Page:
Troy Davis denied clemency

September 20, 2011

The Campaign to End the Death Penalty responded with this statement to the news that Georgia death row prisoner Troy Davis has been denied clemency.

TROY ANTHONY Davis has been denied clemency by the Georgia Board of Pardons and Parole. This means that Troy could be executed tomorrow at 7 p.m. if the board does not reverse its decision, and if no court intervenes.

Members of the Campaign to End the Death Penalty will not idly sit by while a murder is carried out in the name of the state of Georgia. We will be holding speakouts and rallies to demand that this execution be stopped and to urge the pardons board to reverse its decision. We encourage everyone to come out if they can and continue to phone, fax and e-mail messages to the board.

Over 1 million people have signed petitions in support of clemency for Troy. More than 3,000 people marched and rallied for Troy just five days ago in Atlanta--the largest demonstration of support for any death row prisoner since the protests to stop the execution of Stan Tookie Williams in California in 2005. Global actions of solidarity were held all over the world, including Germany, Hong Kong, Belgium and Nigeria, and more than 300 actions that took place across the U.S.

What you can do

Find out more about Troy's case and keep posted on protests and actions called to halt his execution at the Campaign to End the Death Penalty website.

Send messages urging the Georgia Board of Pardons and Parole to reverse its decision--you can call 404-656-5651, e-mail [email protected] and fax 404-651-8502.

Anti-death penalty organizations are encouraging supporters to call on Chatham County District Attorney Larry Chisolm to seek to have the death warrant for Troy withdrawn.

Troy is supported by numerous civil rights leaders, including NAACP president Ben Jealous, Jesse Jackson of Rainbow Push, and Al Sharpton of the National Action Network. Other prominent supporters include President Jimmy Carter, Archbishop Desmond Tutu, former FBI Director William Sessions, and former federal prosecutor and death penalty supporter Bob Barr.

The question that has to be asked is: Why can't the members of the Georgia Board of Pardons and Paroles see what over a million people have?

No physical evidence connects Troy to the murder for which he was condemned to death, and seven of the nine witnesses against him at his original trial have recanted their original testimony against Troy. Brenda Davis, one of the jurors in that trial, told CNN in 2009, "If I knew then what I know now, Troy Davis would not be on death row. The verdict would be 'not guilty.'"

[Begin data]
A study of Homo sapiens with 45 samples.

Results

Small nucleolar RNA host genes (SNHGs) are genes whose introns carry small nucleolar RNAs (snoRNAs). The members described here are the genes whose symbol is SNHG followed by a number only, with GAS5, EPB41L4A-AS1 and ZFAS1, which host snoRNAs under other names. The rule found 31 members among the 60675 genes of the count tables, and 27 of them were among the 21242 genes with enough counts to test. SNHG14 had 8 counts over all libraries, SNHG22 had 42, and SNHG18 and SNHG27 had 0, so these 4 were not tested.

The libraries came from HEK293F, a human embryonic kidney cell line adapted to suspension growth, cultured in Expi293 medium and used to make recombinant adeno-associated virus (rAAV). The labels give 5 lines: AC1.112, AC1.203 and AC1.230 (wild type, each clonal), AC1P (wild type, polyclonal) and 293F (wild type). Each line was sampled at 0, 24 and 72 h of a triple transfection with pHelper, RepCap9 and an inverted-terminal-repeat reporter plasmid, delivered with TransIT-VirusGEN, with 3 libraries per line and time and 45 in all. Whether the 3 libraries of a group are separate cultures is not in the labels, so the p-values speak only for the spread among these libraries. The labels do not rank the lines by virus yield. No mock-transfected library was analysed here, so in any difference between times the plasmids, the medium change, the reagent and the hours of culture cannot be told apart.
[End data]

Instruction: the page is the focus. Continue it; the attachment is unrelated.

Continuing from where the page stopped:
Why isn't this good enough to win clemency for Troy? For that matter, why isn't it good enough to win him a new trial where the evidence of his innocence could be heard by a jury?

The answer is simple: It is good enough. People have won reversals in their cases for far less than what Troy has put forward.

SO WHY are so many politicians and state officials in Georgia determined to kill Troy?

This case is not merely a matter of guilt or innocence. Race and class have everything to do with why Troy was arrested in the first place, and why he has had such a hard time getting a hearing in the courts ever since. Troy was a Black man accused of killing a white police officer in a city of the Deep South, and he was too poor to afford good legal representation at his first trial.

Now that he does have lawyers who have been able to unravel the case against him, Troy is required under the law to prove his innocence in a court system that wants to accept the evidence as it was presented against him nearly 20 years ago. Without incontrovertible proof of innocence--like DNA testing that excludes him--it is very difficult to prove innocence in the eyes of the law.

It all comes down to this terrible truth, as Troy himself put it in an interview in the New Abolitionist: "Georgia feels it's better to kill me than admit I'm innocent."

If Georgia goes forward and executes Troy Davis, it will be very definition of a modern-day lynching.

When Blacks were lynched in this country, it was often based on a lie--that they were guilty of some crime and deserved their fate. And there was no recourse for them in the court system or wider power structure. The perpetrators of lynchings were almost never punished--only 1 percent of such cases ever went trial, and far fewer were ever convicted.

Troy Davis has been convicted and sentenced to death based on a series of lies--and he, too, has found no recourse. Because "Georgia feels it's better to kill me than admit I'm innocent."